I have been moonlighting, running a clinical experiment on the effects of peer-group information networks on psychological well-being.
The control group I am working with is admittedly small. It’s actually only one person, so far – me. And the time frame is sub-optimal – about a month.
My team and I cut me off from what is technically called “online news industry gossip.” Then we closely monitored my state of mind and contentment metrics. I am happy to report that the preliminary findings, published here for the first time, support all of my preconceived notions: Too much “social” in one’s media consumption, and too much media in general, lowers contentment and heightens irritation.
In the past year, I have encountered more and more people who have sworn off of social media, especially Facebook. They say it makes them feel bad about themselves, more competitive, less accomplished, less perfect than others in their virtual communities.
I don’t use social media for socializing, so I couldn’t abstain for the sake of science.
What I did do was swear off looking at the sites that “cover” the “media” business. I couldn’t eliminate Twitter because I use it for my day job, but I tried not to peak at news business gossip and banter.
Before Web 2.0, the supply of published industry news – and gossip – was limited, as it was in all professions. A handful of columnists and writers at big publications covered the news business, mostly television news.
These reporters, whose stuff appeared in general interest newspapers and magazines, mostly wrote about the biggest names and the top executives. Their editors didn’t want stories about lowly producers and beat reporters. Besides, paper and ink cost money.
That changed, of course, with the explosion of web sites and social media. Routine promotions and job shuffling were covered like real news and gossip was treated like investigative reporting. The machinations of junior producers, social media editors, mid-level managers and industrious self-promoters were all reported with the same breathless, boosterish silliness. Twitter provided a 24/7 echo chamber.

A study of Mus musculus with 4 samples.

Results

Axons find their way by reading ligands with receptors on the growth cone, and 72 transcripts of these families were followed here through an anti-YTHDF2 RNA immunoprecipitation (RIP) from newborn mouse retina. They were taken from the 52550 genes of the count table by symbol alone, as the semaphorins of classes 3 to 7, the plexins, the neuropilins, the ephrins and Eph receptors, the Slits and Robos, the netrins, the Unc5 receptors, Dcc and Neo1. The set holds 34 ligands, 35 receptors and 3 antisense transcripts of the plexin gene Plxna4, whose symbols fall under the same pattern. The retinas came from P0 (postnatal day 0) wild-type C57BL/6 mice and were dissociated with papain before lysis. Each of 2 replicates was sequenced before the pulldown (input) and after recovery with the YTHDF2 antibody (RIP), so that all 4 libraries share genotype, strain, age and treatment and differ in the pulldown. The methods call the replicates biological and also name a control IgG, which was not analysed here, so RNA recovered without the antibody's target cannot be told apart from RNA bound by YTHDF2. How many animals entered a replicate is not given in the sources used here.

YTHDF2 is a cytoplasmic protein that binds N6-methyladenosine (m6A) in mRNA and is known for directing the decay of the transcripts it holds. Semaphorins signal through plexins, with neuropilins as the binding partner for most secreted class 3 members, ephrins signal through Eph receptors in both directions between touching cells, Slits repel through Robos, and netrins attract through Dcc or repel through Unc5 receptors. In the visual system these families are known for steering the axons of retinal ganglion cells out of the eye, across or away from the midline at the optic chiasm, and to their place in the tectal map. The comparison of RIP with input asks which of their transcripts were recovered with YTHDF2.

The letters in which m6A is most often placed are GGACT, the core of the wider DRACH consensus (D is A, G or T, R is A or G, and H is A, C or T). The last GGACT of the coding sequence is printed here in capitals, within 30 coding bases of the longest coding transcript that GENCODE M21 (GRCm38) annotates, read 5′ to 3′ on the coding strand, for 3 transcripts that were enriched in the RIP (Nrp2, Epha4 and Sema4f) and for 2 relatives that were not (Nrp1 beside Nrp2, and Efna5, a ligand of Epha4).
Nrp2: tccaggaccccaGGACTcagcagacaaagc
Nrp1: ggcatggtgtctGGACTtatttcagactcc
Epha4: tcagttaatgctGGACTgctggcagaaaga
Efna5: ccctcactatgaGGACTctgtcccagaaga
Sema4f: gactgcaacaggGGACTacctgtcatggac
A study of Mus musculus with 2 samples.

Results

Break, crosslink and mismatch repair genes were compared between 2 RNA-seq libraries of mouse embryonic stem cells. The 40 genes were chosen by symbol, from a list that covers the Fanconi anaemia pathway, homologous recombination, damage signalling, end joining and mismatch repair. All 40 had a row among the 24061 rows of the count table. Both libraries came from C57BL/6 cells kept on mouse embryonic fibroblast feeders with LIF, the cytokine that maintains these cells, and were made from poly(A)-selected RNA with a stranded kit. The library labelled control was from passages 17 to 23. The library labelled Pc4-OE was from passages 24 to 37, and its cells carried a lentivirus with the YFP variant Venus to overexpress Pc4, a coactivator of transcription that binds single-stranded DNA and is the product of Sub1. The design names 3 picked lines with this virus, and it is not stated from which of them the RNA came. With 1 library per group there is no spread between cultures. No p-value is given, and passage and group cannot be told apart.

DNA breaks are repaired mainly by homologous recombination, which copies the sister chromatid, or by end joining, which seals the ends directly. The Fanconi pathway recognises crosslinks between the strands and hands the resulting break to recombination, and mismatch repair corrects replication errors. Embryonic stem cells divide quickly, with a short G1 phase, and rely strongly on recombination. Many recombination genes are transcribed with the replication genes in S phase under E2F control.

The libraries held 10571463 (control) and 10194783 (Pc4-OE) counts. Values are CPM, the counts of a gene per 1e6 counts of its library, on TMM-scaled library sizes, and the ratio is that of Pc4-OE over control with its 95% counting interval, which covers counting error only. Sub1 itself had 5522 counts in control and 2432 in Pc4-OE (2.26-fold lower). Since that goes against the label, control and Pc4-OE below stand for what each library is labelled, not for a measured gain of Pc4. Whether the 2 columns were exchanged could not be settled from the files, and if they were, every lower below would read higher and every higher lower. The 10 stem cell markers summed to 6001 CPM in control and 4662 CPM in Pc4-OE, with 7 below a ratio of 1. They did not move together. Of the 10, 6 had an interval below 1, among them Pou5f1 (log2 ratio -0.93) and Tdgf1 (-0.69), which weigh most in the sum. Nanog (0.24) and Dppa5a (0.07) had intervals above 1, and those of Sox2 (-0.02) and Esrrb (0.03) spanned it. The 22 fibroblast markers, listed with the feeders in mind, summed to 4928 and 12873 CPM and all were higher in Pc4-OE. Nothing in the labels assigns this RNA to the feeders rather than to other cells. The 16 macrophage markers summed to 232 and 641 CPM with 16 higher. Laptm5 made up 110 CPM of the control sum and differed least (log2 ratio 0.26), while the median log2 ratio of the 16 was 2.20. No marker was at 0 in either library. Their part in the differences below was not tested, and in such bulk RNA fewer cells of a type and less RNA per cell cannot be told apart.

We journalists were captured by the tricks we use on others – the flattery of seeing your name in print. We began to believe that we were kind of famous – and important, like the people we covered. We became more insiders than outsiders. We are supposed to expose the self-promoters, not master the art.
But it was all fun. Until it wasn’t.
When I had management jobs, I thought it was important to follow all the industry news and gossip. But when I shed my shackles and returned to a writing job last year, I still kept up. And I noticed this incessant stream of bold-faced news was irritating me. I got cranky when I read about an undeserving ex-colleague’s promotion.
I got mad when the Twitterista’s declared some tiny shred of news to be a SCOOP or mocked some rube that wasn’t as savvy as the rest of the in-crowd. I didn’t need to know so much about my so-called peer-group.
So I went cold turkey. And I feel much better, thank you.
All this news was just noise. Information clutter. The chronicles of my profession were social, yes, but impersonal, communal but not intimate. I found it alienating. I haven’t missed it. I am in recovery and I’m sharing.
Now, journalists are notoriously well-balanced people. We have chips on both our shoulders. We are famously thin-skinned, voyeuristic, susceptible to schadenfreude, petty, and inclined to envy the success of others. I am certainly all of the above. Social media and the modern Web are not healthy places for my ilk.
But I suspect my growing discomfort with this social part of media is common.
Among adults, some people who were once enthusiastic, even addicted users of Facebook, Twitter and online communities for work or play aren’t so enthusiastic anymore. They’ve overdosed. Distortions caused by virtual community – the lack of eye contact, intonation, and the way you can groom your online self – became less tolerable.
But I have watched this longer and more carefully for children, starting when mine were little.
For years I have monitored and collected research about the effects of social media, video games, screen time, mobile phones and hyper-connectivity on child and adolescent development: attention span, information retention, social skills, anxiety and mental health. I could make a strong, empirical case that we should be worried. But I also know that I have cherry-picked the evidence.
But at least I can report that my little experiment had very positive results. And they’re easy to replicate.